Wednesday, July 8, 2009

On Being A Serious Writer

It's late tonight, and I don't have time for a long post.

One of my dear friends and writing partners has been going through a tough time of it lately; namely, despite the fact that many agents fought to get her, the one she chose (brilliant as the agent may be) is having trouble finding an editor to acquire the book. She is, apparently, "too literary." Her prose is too smooth, the plot too timeless, the story "too lyrical."

Publishers, apparently, are looking for the serial fast food of YA lit: gossip girls and clique chicks and what have you. My friend is, inexplicably, too good for this market.

None of us in my writer's group write fast food literature. And often, when I am at the beginning of an idea, I think: will this sell? Is it catchy enough?

The answer is never an easy one, because I don't write fluffy stuff. I like the hard hitting writing that makes you think, and feel; the kind that changes you a little. I gravitate towards reading it, and that's what I tend to write.

Tonight while catching up on correspondence, I had the TV on to some music station, just for the background noise, and one interview caught my attention. I rewound it (the great benefit of a DVR) because it seemed so apropos of this very discussion.

So I leave you with the thought of a country singer:

"Its hard to be taken seriously when you aren't doing something serious." Brad Paisley

Take that gossip girls.


  1. yeah, don't you just hate that.

    Nice lyric, though. I think I'll keep it.

  2. I love that you used a Brad Paisley quote. He is such an amazing musician.

    A lot of times YA doesn't like literary books. It's unfortunate, but kids don't always want to take the time to contemplate the meanings in their books.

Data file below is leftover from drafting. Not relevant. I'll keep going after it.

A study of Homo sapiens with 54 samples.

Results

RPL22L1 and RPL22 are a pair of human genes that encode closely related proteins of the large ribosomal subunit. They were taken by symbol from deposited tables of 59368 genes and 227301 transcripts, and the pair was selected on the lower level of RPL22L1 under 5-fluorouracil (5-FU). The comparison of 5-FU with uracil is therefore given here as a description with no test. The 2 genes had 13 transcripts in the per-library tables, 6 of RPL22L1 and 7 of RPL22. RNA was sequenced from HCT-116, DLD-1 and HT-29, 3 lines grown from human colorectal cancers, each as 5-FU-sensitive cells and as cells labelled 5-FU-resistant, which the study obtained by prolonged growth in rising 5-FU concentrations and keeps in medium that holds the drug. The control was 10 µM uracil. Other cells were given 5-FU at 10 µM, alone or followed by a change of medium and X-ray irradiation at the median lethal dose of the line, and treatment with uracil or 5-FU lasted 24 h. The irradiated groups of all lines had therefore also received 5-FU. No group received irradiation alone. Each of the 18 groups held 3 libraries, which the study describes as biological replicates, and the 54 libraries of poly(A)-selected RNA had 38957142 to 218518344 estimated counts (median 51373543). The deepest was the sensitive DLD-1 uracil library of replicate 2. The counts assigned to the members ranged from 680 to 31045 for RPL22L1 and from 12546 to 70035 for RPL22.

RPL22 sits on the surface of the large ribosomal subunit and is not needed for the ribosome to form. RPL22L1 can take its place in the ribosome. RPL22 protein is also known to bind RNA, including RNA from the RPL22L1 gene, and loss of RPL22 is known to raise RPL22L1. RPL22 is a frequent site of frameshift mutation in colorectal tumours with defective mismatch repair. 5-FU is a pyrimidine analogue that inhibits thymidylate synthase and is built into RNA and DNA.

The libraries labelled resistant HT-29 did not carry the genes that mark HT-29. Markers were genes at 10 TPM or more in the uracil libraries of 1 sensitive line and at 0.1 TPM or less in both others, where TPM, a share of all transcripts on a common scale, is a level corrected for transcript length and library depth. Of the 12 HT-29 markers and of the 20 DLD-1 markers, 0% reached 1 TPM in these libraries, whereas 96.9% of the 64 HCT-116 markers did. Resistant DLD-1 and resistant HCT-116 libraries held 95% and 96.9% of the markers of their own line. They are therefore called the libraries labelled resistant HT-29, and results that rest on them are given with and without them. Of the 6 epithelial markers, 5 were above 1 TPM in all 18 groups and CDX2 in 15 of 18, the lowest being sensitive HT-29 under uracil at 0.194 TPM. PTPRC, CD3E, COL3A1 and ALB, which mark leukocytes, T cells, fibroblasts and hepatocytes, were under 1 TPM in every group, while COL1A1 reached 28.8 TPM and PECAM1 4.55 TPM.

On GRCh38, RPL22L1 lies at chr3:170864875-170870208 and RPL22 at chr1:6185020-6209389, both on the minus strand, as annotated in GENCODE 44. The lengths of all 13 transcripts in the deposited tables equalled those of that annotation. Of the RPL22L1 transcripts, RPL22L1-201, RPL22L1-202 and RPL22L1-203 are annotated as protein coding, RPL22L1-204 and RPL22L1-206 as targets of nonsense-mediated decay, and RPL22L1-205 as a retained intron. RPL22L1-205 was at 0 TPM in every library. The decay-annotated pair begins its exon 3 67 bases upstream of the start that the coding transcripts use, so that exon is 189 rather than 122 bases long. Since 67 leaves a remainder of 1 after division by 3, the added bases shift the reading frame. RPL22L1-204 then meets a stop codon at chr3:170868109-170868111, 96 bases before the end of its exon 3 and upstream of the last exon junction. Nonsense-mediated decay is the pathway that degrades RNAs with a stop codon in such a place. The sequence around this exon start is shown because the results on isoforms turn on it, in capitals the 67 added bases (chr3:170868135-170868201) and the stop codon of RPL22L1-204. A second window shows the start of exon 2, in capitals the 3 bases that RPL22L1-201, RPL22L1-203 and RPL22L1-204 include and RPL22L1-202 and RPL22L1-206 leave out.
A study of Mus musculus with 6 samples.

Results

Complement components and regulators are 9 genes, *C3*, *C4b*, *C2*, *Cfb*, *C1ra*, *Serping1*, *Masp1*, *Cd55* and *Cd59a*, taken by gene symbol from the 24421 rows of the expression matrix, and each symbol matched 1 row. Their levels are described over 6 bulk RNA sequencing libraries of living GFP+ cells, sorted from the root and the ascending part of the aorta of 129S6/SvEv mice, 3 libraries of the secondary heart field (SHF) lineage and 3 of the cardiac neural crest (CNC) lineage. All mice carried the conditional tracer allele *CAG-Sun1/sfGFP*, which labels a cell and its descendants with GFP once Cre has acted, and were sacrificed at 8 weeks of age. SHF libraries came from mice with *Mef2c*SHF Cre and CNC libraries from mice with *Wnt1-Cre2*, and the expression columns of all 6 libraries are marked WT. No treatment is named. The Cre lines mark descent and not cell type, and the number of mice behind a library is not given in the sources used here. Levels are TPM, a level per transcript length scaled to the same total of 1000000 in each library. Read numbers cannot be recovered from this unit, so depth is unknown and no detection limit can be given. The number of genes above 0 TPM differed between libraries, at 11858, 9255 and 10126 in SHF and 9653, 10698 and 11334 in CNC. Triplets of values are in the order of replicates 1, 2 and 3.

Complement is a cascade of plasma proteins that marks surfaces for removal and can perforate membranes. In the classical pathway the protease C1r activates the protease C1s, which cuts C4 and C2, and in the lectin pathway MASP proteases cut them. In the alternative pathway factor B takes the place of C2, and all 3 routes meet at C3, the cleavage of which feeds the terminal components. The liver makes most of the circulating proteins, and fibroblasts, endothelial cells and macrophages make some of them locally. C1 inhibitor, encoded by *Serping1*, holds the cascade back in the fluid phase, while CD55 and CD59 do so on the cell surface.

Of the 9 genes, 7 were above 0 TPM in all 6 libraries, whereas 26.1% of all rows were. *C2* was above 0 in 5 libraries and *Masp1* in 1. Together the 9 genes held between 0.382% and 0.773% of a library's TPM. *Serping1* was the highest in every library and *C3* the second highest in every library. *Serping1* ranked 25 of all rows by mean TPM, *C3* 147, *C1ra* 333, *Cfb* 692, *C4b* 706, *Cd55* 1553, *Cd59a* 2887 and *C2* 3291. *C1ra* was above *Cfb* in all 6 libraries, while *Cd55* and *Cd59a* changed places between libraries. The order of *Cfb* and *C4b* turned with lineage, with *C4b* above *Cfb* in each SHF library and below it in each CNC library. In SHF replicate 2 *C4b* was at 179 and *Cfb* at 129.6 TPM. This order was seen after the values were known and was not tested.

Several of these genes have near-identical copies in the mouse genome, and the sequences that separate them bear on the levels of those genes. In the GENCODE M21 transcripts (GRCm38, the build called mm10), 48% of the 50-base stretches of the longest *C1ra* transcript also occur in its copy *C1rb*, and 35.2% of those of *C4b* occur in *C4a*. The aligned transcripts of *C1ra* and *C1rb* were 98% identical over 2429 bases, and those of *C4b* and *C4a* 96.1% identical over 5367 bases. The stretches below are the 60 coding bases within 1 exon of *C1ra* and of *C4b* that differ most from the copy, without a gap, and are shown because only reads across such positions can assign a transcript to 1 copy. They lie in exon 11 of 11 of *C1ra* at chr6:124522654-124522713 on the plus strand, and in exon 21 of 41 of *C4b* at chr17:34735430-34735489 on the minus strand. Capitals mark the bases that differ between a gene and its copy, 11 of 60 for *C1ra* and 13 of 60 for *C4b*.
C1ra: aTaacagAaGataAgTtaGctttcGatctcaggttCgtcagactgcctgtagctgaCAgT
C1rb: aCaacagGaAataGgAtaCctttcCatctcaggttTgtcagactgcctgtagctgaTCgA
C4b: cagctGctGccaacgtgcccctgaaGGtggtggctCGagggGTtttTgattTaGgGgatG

3. It's actually not a lyric. He was talking about writing songs and what kind of things he chooses to write about.

    But I thought it was a brilliant quote. And so apropos of writing.

  4. I don't like the fluff, but I don't think what I do is literary either. I am to entertain in a smart way, I suppose.

  5. I think there's a real rift between good literary YA and dumbed-down fluff. I enjoy the more thought provoking well written stuff myself, and that's how I like to write. Clearly some of it gets through.

    I heard "keep giving them you, until they realize you are what they want" in an interview once. I like that too.

  6. Perfect post and so true! It is frustrating, most certainly.

    And that quote is perfect.

  7. Sue - what a great quote!!

    Paul and MeganRebekah - I think maybe there are a lot of different views of what makes something literary. I don't think it has to be difficult to read or understand.

    I don't mind reading light books. I love a good Grisham or Brown book, and I had fun reading the Sisterhood of the Traveling Pants books. But I like books that make me think, too. Books I want to talk about.

    I think in five or ten years we will look back at this time and see a gap in the spectrum of books published.

    Then again, I've seen the workload most high schoolers take on, and maybe all they really want to read outside of the required stuff is something easy and fun.

  8. I think you had a lot of really good comments here and your last one was one of the most interesting and thought provoking, namely that high school kids have all this homework and want something light when they're through wading through all of it.

    I wonder if there shouldn't be more English classes in high school with some writing classes thrown in for good measure and some required reading of good literature. I'm so far away from any of this to really know what high school kids are required to learn in high school, but I do know there is a real problem with college students not knowing how to write and that continues up into that first job.

  9. I have to admit that sometimes I like that fluff and other times I like diving into a real, make you think book.

    I hope that there's room for both in this market.